Over the course of Dr. Martin Luther King Jr. weekend, 23 educators, a JFR board member and the JFR Education Department met for the 2011 Advanced Seminar at the Newark Airport Hilton, where we studied, learned and discussed this year’s theme “Youth and the Third Reich” with five outstanding scholars. Each scholar presented a sub-topic of this theme in great depth and helped participants come away with a profound understanding of the subject.
We began the seminar with Professor Robert Jan van Pelt, who discussed with us the idea of Germany as a young nation, an idea that rose at the beginning of the twentieth century. Robert Jan’s eye-opening discussion conveyed that it was the ideas associated with this youth movement that later propelled National Socialism.
We also welcomed Alexandra Zapruder, who lead a discussion about her book Salvaged Pages, a compendium that contains the diaries of young people who lived through the Holocaust. She also played for teachers the recent film adaptation of her book, I’m Still Here. Alexandra’s work is particularly valuable for teachers, who can use these two resources as teaching tools.
We also learned about the Nazification of the banking industry from Princeton’s Dr. Harold James, as a continuation from last year’s Advanced Seminar. Using one case study of a Jewish banker, Professor James illuminated for us how, gradually, Germany’s banks became impacted and altered by the Third Reich.
We also had the pleasure of hosting an international guest scholar, Professor Thomas Weber from the University of Aberdeen in Scotland. Dr. Weber discussed with us his fascinating new book, Hitler’s First War, which addresses Hitler’s time in the German army during World War I, and how this experience influenced him greatly. This discussion tied into the theme of “Youth in the Third Reich”, which Professor James discussed in a second lecture, because Hitler was a part of the young generation, the World War I generation that, we learned, wanted so badly to have a new Germany rise out of the ashes of the old one.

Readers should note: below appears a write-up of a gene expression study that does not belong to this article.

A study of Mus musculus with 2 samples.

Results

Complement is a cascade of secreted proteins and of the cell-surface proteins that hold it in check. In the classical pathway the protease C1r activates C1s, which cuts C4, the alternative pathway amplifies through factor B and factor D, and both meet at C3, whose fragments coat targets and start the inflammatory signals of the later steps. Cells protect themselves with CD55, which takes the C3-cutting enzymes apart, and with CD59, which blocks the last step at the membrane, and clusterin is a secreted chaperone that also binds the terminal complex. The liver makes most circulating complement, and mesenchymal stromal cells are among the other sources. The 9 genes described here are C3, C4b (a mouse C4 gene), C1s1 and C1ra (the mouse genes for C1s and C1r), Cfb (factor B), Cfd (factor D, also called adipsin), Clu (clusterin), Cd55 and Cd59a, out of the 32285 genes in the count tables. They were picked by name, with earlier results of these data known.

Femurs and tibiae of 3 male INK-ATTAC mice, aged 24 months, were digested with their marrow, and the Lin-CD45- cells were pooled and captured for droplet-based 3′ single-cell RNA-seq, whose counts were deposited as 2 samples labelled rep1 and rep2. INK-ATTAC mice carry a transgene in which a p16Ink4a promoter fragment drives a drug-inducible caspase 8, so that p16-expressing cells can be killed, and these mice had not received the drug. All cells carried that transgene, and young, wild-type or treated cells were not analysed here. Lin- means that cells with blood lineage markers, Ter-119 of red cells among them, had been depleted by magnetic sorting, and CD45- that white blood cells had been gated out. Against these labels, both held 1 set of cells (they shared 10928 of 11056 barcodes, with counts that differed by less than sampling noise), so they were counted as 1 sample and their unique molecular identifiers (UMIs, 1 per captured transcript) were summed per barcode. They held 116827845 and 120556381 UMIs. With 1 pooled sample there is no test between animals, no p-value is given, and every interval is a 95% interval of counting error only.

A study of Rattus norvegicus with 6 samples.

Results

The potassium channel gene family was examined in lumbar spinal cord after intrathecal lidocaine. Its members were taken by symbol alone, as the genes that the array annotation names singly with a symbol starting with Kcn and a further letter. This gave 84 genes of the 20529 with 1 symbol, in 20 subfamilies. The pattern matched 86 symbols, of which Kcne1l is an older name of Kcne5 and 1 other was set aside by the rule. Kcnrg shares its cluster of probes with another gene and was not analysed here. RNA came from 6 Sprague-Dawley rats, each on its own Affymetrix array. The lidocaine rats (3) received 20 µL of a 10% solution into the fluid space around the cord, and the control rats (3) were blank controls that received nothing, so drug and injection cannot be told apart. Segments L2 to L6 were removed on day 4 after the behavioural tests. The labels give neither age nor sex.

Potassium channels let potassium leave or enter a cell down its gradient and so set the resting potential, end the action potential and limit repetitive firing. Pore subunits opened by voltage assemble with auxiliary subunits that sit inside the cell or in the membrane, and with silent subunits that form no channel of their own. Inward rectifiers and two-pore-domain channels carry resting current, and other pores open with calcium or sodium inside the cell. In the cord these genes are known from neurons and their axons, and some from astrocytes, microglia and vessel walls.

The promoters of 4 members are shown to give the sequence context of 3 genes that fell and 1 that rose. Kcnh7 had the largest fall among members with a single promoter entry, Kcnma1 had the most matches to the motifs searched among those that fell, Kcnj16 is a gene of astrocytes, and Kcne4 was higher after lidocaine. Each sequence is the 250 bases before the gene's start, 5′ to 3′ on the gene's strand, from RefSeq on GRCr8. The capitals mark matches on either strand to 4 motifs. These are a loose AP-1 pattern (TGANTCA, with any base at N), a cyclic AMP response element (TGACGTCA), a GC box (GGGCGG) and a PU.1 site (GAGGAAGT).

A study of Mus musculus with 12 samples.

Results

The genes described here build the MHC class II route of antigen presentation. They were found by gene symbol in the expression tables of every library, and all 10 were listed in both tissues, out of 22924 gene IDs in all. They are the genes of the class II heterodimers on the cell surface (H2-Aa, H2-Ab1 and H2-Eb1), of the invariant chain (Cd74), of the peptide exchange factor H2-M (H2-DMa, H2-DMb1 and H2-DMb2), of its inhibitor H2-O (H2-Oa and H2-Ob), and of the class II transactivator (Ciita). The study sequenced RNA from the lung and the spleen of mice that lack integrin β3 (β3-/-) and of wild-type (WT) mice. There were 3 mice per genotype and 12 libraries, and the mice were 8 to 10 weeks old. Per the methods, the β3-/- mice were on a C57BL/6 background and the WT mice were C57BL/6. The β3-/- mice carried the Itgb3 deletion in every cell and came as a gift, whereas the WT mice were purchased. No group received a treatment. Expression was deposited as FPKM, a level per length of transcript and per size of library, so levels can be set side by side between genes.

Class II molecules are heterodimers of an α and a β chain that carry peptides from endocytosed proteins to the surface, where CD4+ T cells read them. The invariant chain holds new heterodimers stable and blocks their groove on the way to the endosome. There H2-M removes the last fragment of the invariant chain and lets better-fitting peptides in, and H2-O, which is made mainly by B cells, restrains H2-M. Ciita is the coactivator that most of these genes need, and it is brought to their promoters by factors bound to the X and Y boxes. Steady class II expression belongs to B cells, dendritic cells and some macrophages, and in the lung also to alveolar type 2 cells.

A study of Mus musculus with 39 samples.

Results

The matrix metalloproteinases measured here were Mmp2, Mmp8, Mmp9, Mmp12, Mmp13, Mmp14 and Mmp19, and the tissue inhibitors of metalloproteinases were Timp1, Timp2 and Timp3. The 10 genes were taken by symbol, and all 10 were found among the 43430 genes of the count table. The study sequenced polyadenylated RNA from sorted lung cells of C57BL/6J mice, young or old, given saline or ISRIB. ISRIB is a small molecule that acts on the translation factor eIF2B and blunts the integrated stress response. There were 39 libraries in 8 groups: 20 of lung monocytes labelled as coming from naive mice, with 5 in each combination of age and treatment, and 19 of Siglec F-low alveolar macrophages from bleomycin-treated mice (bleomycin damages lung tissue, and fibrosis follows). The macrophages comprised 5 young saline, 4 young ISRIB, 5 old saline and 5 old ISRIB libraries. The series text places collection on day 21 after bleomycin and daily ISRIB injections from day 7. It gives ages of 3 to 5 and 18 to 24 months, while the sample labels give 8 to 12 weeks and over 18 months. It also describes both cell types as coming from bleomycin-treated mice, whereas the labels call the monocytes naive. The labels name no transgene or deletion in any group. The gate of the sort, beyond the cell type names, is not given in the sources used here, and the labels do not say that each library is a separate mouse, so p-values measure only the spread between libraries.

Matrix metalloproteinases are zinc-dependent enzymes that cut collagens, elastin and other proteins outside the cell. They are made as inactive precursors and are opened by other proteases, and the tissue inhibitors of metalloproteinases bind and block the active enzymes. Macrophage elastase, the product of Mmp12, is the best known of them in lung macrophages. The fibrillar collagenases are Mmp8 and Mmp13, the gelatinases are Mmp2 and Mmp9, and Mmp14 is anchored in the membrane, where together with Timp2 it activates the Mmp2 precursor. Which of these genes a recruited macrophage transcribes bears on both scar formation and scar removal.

We ended the seminar with Dr. Debórah Dwork, who led a Socratic discussion about her book Children with a Star, which is a cornerstone in Holocaust studies for understanding the child experience during the Holocaust. Participants addressed themes and ideas in the book and also asked her specific questions about choices she made when writing the book.
Each year the Advanced Seminar is held on Dr. Martin Luther King Jr. weekend because teaching about the lessons of the Holocaust is aligned with Dr. King’s vision. Our teachers come to the Advanced Seminar in order to better educate their students about tolerance and what can happen if hate goes unchecked. The JFR feels that these lessons are in the same spirit of Dr. Martin Luther King Jr.’s legacy. As we learned about this difficult history, we remembered him and the impact he had on making humanity more tolerant.